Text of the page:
DoE plans new exemptions from "technical competence" rules

Proposals to expand the scope of a temporary exemption from the requirement for waste management facilities to be run by "technically competent" persons were revealed in a consultation letter circulated by the Department of the Environment (DoE) last month.

The exemption dealt with in the letter was established by the regulations on waste management licensing introduced in May under the Environmental Protection Act 1990. Section 74 of the Act requires all licensed facilities to be "in the hands of" a technically competent person, and for this purpose a system of certificates of technical competence has been established by the Waste Management Industry Training and Advisory Board (WAMITAB).

As a transitional measure, the regulations introduced two exemptions from this requirement. The more important of these exempts anyone who has managed a licensed site in the 12 months before 10 August 1994 and who has applied to WAMITAB for the relevant certificate from the need to hold such a certificate until 10 August 1999.

According to the consultation letter, the DoE has been lobbied to widen the scope of this exemption. Ministers have accepted that this should be done for two types of case.

One is where a person has managed a waste management facility authorised by HM Inspectorate of Pollution or a local authority under Part I of the 1990 Act and who is now managing a facility subject to waste management licensing. Such a person will qualify for the transitional exemption until 1999 if he or she applies for a WAMITAB certificate by 10 April 1995.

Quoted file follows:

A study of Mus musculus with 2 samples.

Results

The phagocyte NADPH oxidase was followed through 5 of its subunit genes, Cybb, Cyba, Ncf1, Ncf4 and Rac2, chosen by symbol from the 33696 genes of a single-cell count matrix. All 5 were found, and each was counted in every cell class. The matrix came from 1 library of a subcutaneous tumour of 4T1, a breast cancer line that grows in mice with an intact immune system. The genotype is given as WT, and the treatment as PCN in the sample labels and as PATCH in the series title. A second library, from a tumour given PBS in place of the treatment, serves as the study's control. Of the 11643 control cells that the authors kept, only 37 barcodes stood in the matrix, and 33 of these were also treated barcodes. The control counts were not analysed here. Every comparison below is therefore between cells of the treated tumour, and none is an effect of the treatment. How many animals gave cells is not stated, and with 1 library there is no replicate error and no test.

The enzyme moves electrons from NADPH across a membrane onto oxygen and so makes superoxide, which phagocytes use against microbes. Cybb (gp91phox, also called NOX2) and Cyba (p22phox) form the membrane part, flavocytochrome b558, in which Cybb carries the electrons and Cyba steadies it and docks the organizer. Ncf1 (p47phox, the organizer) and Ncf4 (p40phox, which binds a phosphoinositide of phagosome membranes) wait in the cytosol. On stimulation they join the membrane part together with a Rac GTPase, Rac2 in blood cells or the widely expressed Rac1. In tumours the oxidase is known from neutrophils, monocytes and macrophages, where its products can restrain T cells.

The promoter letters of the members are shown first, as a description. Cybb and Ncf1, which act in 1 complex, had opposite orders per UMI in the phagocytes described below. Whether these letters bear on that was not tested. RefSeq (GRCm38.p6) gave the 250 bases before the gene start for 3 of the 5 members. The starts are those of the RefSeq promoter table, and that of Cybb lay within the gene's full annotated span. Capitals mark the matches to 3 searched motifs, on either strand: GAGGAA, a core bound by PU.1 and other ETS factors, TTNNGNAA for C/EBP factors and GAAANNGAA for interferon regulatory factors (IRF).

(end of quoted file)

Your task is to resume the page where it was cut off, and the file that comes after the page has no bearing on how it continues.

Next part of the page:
The second extension will apply to anyone who has managed a waste operation which was not required to be licensed under the Control of Pollution Act 1974, but which must now be licensed under the 1990 Act. The deadline for licence applications for such facilities is 30 April 1995, and the DoE is proposing that anyone who has managed such an operation in the 12 months before that date should also benefit from the transitional exemption on broadly the same terms.

However, the DoE is proposing to reject pleas for two further classes of exemption. One is where someone managed a licensed site before 10 August 1993, when the qualifying period began. The DoE says that such hard luck cases were always bound to emerge out of the woodwork, but at present it has no intention of accommodating them.

The second class of case is for individuals managing processes new to the waste field or sites which are being newly developed. Here the DoE believes it is particularly important that waste regulation authorities are able to satisfy themselves that such facilities are run by technically competent persons.

The legal changes needed to implement these proposals will be made as part of the impending regulations which will amend the licensing regime as it applies to scrap metal processing and vehicle dismantling (see above).